Healthcare, F&B, technology gain from Covid-19’s impact

The so-called essential services will remain resilient, while other industries continue to downsize


THE healthcare, food and beverage (F&B), agriculture and technology sectors are better placed to weather the storm brought on by the Covid-19 pandemic, while other industries continue to downsize operations.

SME (small and medium enterprise) Association of Malaysia president Datuk Michael Kang said the said sectors, which are considered as essential services, will remain resilient in the current challenging time due to sustained demand and despite the Recovery Movement Control Order (RMCO).

“In any situation, I think essential services including healthcare, F&B and agriculture are the best businesses as people still need them. The new norms, meanwhile, have pushed digitalisation and are driving future trends,” Kang told The Malaysian Reserve (TMR).

Kang said many companies in these sectors are still hiring amid the difficult situation, bucking the trend of major retrenchment generally seen in the economy. As the country continue reopening, he expects these sectors will pick up fast, driven by higher demand and technology adoption.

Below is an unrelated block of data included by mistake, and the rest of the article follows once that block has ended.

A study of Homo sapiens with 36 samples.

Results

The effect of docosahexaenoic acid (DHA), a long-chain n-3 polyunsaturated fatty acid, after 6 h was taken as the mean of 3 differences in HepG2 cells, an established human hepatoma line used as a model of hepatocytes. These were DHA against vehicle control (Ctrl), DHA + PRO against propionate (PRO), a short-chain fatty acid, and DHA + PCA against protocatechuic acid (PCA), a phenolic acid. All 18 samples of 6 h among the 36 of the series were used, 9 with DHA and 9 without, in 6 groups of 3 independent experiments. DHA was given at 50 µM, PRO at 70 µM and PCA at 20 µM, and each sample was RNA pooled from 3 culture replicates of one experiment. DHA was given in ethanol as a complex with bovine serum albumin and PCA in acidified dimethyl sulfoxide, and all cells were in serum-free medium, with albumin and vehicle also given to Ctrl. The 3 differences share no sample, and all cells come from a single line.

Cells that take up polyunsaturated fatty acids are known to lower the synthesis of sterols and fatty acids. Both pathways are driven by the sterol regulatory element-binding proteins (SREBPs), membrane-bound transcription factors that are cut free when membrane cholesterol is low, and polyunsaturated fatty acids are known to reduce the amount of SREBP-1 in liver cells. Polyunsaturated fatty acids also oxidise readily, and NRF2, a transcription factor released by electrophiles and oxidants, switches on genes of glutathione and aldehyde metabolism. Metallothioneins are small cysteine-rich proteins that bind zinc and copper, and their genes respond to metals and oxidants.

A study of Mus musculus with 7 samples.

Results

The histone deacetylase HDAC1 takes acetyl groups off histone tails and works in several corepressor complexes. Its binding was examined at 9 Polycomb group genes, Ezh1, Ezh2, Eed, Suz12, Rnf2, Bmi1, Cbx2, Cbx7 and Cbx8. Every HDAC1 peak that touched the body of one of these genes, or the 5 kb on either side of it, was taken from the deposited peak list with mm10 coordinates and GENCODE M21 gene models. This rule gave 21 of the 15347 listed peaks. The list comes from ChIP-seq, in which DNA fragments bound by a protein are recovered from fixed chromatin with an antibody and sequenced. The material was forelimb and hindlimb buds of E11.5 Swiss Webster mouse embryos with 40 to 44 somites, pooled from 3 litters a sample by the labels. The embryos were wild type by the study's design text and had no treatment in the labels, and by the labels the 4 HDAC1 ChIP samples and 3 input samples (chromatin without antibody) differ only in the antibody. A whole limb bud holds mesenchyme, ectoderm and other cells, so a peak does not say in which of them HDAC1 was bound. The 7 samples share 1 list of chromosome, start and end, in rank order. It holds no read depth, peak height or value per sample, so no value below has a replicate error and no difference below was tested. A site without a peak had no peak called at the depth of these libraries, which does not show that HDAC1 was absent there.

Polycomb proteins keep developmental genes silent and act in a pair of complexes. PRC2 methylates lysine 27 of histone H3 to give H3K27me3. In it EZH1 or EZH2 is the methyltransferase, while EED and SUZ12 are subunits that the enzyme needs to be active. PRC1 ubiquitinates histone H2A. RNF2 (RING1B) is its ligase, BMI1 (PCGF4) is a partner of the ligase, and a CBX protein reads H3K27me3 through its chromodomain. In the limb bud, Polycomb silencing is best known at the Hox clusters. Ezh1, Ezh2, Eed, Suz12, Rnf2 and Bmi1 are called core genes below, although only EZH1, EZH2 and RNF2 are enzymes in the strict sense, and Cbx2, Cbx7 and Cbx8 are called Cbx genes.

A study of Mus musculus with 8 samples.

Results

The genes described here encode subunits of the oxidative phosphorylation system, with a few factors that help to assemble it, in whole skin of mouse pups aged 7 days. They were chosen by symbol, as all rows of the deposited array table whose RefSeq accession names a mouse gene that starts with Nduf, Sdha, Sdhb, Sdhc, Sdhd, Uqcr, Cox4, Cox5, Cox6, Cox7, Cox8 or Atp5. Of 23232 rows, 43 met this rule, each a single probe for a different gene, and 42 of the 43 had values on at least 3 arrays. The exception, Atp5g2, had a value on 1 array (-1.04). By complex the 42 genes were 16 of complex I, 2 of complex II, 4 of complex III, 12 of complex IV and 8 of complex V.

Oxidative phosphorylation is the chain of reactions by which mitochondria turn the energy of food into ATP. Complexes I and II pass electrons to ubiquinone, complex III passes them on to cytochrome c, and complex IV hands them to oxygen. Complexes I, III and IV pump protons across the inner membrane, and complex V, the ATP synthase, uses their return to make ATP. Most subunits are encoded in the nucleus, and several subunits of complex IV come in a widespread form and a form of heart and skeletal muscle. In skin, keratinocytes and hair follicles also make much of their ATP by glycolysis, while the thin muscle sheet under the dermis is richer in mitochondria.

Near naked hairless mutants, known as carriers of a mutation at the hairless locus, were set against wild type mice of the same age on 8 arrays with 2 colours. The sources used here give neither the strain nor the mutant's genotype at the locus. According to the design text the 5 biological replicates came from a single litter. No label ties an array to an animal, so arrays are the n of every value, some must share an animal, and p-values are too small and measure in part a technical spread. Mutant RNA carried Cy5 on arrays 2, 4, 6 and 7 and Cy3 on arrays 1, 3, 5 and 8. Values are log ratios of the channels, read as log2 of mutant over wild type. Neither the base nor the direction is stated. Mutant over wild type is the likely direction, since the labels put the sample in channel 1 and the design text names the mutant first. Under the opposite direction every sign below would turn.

Malaysia has some 907,000 SMEs, providing close to six million jobs to over 65% of the country’s workforce. Kang said close to 89% out of the total SMEs are in the services sector such as retail, tourism and logistics, and about 45,000 are in the manufacturing sector.

The MCO, which started in mid-March, has severely affected airlines the most, as well as tourism and retail industries, as people were forced to stay home and all non-essential activities shut down.

Kang said affected companies have been struggling with tight cashflows due to low sales generated during the MCO.

Companies in essential sectors, such as glove makers and e-commerce, have been less susceptible to the Covid-19 impact and have, in fact, seen a market boom due to the outbreak.

The Department of Statistics Malaysia reported on Tuesday that the unemployment rate rose to 5.3% in May, the highest since 1990, with the number of jobless persons rising to 826,100.

The agency noted the labour force increased marginally by 1,800 to 15.71 million people in May, while employed persons fell 0.3% month-on-month to 14.89 million.

Putra Business School Assoc Prof Dr Ahmed Razman Abdul Latiff said sectors dealing with medical personal protective equipment, health-related equipment and mental health can better withstand the pandemic’s economic impact due to the stronger demand amid greater health precautionary measures imposed by the government and heightened awareness among the population.

He expects the technology sector to prevail amid the pandemic, particularly for tech services and products that enable the “new normal”.

“Technology services such as remote viewing and communication services/products, mobile phones and personal computers are set to gain as many educational institutions and corporations are preparing some form of transition to the new norm of online interaction between teachers and students and working from home,” Ahmed Razman told TMR.